Roy Nagatoshi workshop
Roy Nagatoshi working on a club members Japanese white pine
My uncle Pete knew John Naka and used to arrange for him to come to Virginia and conduct workshops for the Northern Virginia Bonsai Society members. In John’s later years he grew weary of travel and recommended one of his students to replace him. Pete gave him a call and Roy Nagatoshi has been holding workshops annually in Virginia since 1986. Pete and Roy became fast friends visiting each other’s homes several times. Pete told me “After seeing Roy’s incredible nursery, one wonders where does he find the time to travel? ”. On his current visit Roy held workshops in Baltimore, Fairfax and Richmond, all this following a 16-day trip to Africa. Roy told me that Africans grow the same classic trees used in traditional bonsai with the exception of growing more tropical varieties.
Uncle Pete working on his Shimpaku
Roy did not give a demonstration for the Fairfax workshop, rather he spent time offering advice and help to individuals working on their own trees. Pete, Ted and myself made a trip down to Todd and Bob’s bonsai nursery in Ruther Glen, Va. and we each selected an outstanding stock Shimpaku from a selection of nearly 100 pieces in various sizes. Bob told me “People need to support local bonsai nurseries if they want to have great stock material to work with”. These two men have done a terrific job of giving their trees a great start by pruning with an eye for potential bonsai. Pete and Ted each chose a very large pot grown Shimpaku about 30 years old. I chose a more modest size about 15 years old.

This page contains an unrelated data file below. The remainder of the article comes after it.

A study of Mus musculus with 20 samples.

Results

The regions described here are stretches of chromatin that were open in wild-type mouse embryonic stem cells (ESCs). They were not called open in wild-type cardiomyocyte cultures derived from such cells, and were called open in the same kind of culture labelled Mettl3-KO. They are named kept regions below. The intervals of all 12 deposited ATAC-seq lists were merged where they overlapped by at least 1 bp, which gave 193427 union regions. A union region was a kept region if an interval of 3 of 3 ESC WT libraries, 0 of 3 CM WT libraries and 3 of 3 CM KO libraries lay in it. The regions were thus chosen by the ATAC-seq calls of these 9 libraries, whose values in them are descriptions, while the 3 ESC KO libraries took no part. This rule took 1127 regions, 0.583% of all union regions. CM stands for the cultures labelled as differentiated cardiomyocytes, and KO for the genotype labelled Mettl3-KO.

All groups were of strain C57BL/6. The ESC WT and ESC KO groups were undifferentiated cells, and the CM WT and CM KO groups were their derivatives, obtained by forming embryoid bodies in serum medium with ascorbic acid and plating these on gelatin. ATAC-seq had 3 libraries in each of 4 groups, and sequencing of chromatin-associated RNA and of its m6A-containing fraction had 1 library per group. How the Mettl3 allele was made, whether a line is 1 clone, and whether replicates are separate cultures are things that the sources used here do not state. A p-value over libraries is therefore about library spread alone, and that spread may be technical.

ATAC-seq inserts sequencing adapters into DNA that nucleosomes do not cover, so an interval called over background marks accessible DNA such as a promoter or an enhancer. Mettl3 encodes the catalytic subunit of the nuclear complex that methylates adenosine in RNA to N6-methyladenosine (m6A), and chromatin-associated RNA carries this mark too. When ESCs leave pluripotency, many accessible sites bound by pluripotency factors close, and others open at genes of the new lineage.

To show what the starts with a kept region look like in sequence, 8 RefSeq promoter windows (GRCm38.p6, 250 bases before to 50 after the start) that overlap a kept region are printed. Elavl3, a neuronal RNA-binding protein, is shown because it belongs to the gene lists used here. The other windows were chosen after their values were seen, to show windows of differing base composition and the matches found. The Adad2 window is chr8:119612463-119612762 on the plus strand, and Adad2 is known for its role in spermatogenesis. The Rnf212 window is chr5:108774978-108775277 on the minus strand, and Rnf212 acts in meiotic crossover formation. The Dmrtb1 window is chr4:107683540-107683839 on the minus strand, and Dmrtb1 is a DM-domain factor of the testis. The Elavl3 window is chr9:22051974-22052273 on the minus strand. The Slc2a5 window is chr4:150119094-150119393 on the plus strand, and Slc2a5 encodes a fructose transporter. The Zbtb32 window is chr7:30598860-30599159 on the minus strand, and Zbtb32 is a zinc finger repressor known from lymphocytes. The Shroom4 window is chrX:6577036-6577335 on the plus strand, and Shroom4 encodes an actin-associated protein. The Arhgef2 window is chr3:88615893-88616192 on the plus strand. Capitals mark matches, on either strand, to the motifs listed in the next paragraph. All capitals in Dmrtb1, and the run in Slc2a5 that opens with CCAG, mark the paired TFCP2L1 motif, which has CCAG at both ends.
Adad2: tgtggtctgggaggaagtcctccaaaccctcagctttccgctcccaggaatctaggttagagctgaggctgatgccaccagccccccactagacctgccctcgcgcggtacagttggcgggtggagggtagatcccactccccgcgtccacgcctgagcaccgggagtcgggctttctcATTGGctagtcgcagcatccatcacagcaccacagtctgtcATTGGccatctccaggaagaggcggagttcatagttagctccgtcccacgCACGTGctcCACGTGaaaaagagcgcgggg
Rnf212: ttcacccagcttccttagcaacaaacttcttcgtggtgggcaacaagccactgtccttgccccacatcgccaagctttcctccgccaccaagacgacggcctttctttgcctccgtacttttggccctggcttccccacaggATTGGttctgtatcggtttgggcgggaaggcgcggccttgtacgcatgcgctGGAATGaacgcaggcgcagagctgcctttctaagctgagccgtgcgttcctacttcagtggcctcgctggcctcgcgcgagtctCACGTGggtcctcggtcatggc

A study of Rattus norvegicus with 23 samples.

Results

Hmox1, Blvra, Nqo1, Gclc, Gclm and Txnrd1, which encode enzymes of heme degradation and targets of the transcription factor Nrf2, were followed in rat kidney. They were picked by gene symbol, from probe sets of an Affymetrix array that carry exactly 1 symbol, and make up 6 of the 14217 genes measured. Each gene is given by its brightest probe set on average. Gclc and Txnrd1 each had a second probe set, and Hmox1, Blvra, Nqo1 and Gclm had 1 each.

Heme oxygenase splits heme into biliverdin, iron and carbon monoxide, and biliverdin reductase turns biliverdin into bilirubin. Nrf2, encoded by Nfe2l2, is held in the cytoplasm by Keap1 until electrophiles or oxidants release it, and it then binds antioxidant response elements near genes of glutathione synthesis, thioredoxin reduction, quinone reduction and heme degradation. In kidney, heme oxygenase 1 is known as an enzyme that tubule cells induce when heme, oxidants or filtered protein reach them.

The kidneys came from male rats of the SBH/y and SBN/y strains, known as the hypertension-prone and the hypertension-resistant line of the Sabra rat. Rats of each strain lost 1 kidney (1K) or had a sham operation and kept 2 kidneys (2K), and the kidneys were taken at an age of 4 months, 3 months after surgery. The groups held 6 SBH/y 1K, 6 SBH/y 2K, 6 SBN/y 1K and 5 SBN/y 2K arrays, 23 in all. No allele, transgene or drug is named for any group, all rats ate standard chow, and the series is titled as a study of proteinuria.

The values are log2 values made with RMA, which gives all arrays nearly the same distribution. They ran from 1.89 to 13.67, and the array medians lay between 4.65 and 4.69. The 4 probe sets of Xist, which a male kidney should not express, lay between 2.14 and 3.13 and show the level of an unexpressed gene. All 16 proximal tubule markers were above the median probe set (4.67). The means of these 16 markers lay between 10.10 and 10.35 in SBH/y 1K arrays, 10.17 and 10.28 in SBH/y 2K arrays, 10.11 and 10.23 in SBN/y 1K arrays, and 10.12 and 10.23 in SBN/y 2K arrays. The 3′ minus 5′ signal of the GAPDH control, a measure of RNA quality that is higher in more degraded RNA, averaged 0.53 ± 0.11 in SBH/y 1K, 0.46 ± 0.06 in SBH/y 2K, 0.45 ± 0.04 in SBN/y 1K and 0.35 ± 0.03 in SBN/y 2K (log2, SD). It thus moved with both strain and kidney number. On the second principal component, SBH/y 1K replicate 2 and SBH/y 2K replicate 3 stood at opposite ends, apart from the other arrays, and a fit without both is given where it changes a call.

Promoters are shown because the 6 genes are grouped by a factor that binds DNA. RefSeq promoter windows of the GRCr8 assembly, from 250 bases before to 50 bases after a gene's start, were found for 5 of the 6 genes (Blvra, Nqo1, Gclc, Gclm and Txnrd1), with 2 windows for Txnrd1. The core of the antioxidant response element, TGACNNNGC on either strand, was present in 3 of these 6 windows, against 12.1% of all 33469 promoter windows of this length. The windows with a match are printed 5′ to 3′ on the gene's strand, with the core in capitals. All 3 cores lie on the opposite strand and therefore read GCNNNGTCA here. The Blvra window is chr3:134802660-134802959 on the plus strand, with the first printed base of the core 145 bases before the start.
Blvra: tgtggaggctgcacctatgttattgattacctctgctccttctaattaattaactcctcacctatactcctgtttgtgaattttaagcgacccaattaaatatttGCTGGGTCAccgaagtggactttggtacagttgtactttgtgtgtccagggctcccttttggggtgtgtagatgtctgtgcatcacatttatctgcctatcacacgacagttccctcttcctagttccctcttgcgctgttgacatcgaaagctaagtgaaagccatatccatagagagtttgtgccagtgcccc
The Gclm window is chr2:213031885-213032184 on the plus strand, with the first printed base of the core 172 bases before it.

Ted working on his Shimpaku
At the workshop Roy and I discussed my trees strength, which branches to discard or jin and then chose a front. Then Roy told me to strip all the dull looking growth leaving only the healthy growth on the branch tips. He would stop by occasionally as he made his rounds and offer words of encouragement. After about three hours of pinching and pruning I was ready to begin wiring. Never having wired a complete tree before I asked Roy for a little advice. He told me to always wire two branches together for support, showed me how to measure the amount of wire needed and to choose the appropriate thickness of wire for each branch. Then he moved on to the next club member. After seeing how little time he spent with me and so much time with others I became a little confused. Then I began to realize that he had confidence that I was doing a good job. Later he hollered over to my uncle “Pete, Greg used the wrong size wire on this branch” and then turned to me and winked, saying “ Well I had to find something wrong”. After about three hours I had completely wired my tree. Roy came over and began bending branches and forming clouds of foliage. After he finished styling the tree he complimented me on my work and left me feeling a great sense of accomplishment.
My Shimpaku before
My Shimpaku after
Still a lot of work to do, but I am going to let the tree settle into it’s pot before I place the branches and begin jins.